This is the final installment of our series on porter. Earlier articles dealt with water treatment, dark grain profiles, ingredients and recipe advice, handling dark grains in the brewhouse and specialty porters.
There are a lot of variants of porter — smoked porter, vanilla porter, coffee porter, honey porter and porter fermented with lager yeast. These show up frequently at homebrew contests and are all available commercially. However, this doesn’t exhaust the types of specialty porter. Here are a few of the less common variants.
You can brew porter with a variety of flavored sugars, including molasses, brown sugar or maple syrup. These sugars can be added late in the boil and usually comprise about 5–10% of the fermentables.
The chocolate malt aspect of a porter can be accentuated by adding actual chocolate to the beer. Chocolate can be added in a variety of forms. The best for brewers is cocoa powder, unsweetened baker’s chocolate of cacao nibs. Basically, look for chocolate that has had most of the fat (cocoa butter) pressed out of it and not sweetened or otherwise flavored.
You can add cocoa powder or bakers chocolate in the boil. For 5.0 gallons (19 L) of beer, anywhere from roughly 1 to 8 oz. (30–230 g) can be used by boiling it for 5–15 minutes. You may want to bag the cocoa powder, as that can be hard to clear from the beer.
If using cacao nibs, use roughly 2 to 12 oz. (60–340 g ) for 5.0 gallons (19 L) of beer, in the secondary fermenter.
Chocolate combines with lots of flavors, including vanilla, mole ingredients (peppers, cinnamon), fruit and many others. So, there are a lot of possibilities to pair the chocolate with.
The dark roast flavor of a porter pairs well with many fruits, especially cherry and raspberry. This can be done by adding fresh fruit or fruit purée in secondary. For 5.0 gallons (19 L) of beer, 5–10 lbs. (2.3–4.5 kg) of cherries or 2.5–5 lbs. (1.1–2.3 kg) of raspberries would produce a moderate to strong fruit flavor, but not overwhelm the dark grain character.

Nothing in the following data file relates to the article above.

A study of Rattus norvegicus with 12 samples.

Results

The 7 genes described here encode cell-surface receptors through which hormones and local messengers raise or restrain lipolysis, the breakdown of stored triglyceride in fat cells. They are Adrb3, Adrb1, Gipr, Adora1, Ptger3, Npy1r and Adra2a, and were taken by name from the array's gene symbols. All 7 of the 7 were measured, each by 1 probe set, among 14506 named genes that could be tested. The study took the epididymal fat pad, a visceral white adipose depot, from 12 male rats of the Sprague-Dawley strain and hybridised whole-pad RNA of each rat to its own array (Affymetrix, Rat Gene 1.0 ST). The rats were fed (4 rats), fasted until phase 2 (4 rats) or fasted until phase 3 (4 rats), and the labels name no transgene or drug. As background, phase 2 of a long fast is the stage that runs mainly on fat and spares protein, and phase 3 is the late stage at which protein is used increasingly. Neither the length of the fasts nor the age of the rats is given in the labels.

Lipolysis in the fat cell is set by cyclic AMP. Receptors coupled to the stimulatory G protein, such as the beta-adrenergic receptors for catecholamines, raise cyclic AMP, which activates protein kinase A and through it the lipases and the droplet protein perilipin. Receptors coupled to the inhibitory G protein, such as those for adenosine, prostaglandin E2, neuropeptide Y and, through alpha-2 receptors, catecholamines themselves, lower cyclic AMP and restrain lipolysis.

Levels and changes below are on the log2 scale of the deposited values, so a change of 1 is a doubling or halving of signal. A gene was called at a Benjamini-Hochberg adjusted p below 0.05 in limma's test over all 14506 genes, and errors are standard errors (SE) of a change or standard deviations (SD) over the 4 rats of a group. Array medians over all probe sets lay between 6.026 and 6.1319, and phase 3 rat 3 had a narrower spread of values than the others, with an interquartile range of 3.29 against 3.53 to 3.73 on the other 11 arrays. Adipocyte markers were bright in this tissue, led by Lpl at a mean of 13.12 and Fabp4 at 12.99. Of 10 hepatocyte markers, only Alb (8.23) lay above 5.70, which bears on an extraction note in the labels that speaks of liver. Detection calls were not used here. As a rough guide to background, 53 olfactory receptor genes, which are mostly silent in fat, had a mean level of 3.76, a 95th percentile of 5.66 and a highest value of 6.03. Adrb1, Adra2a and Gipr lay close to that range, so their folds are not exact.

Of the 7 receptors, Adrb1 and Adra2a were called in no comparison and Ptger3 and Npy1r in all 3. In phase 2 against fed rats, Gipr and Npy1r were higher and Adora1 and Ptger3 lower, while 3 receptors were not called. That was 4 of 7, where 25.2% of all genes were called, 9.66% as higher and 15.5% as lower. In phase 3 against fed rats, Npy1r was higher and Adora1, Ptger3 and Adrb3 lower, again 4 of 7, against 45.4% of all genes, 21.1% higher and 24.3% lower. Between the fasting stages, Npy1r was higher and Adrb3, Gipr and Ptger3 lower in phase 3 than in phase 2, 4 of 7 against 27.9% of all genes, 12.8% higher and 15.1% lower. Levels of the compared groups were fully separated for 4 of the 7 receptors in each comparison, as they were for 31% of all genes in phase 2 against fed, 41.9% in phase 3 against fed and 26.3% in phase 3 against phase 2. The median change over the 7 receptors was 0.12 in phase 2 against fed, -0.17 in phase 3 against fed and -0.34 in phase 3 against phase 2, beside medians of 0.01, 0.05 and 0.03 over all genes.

Holiday Beer Spices
Do all the “regular” spices that show up in Christmas or holiday beers work in porter? They sure do. Use “the usual” amount of spices added late in the boil.
Oak-Aged and Brett-Aged Porters
You can age porter in barrels, or using oak chips, cubes or staves, for an oaky flavor. Oak has some vanilla notes in it, so it can work well with the chocolate flavor of a porter, at least if it isn’t overdone. A couple ounces (around 60 g) of oak cubes in secondary should work well for most homebrewers, as long as you sample the beer every day or so and separate it from the oak when you reach the desired level of wood.
You can also inoculate a porter with Brettanomyces, either in addition to the oak or by itself. Brett will add it’s characteristic byproducts to the porter, and will consume some carbohydrates that brewers yeast can’t utilize. As such, let it age in the carboy for at least a few months before bottling — and once bottled, check the carbonation by opening a bottle occasionally so it doesn’t build up too much. Porter can be inoculated with Brettanomyces when you pitch your brewers yeast, or added in secondary. Both Wyeast and White Labs sell Brettanomyces cultures. It can also be introduced by using contaminated oak.
Split Batch Porters
As you probably noticed, many porter variants can be made by adding the special ingredient in secondary. If you brew a batch of porter, you make both the “regular” porter and one or more specialty porters. You could, for example, brew 10 gallons (38 L) of porter and make a few specialty porters in 1-gallon (~4 L) jugs and keep the rest of the plain porter as is. If you make small batches of the specialty porter and keg the rest, you can “spice” the specialty porter aggressively. If the special ingredient is too powerful, you can use the remaining porter to dilute it to a reasonable level.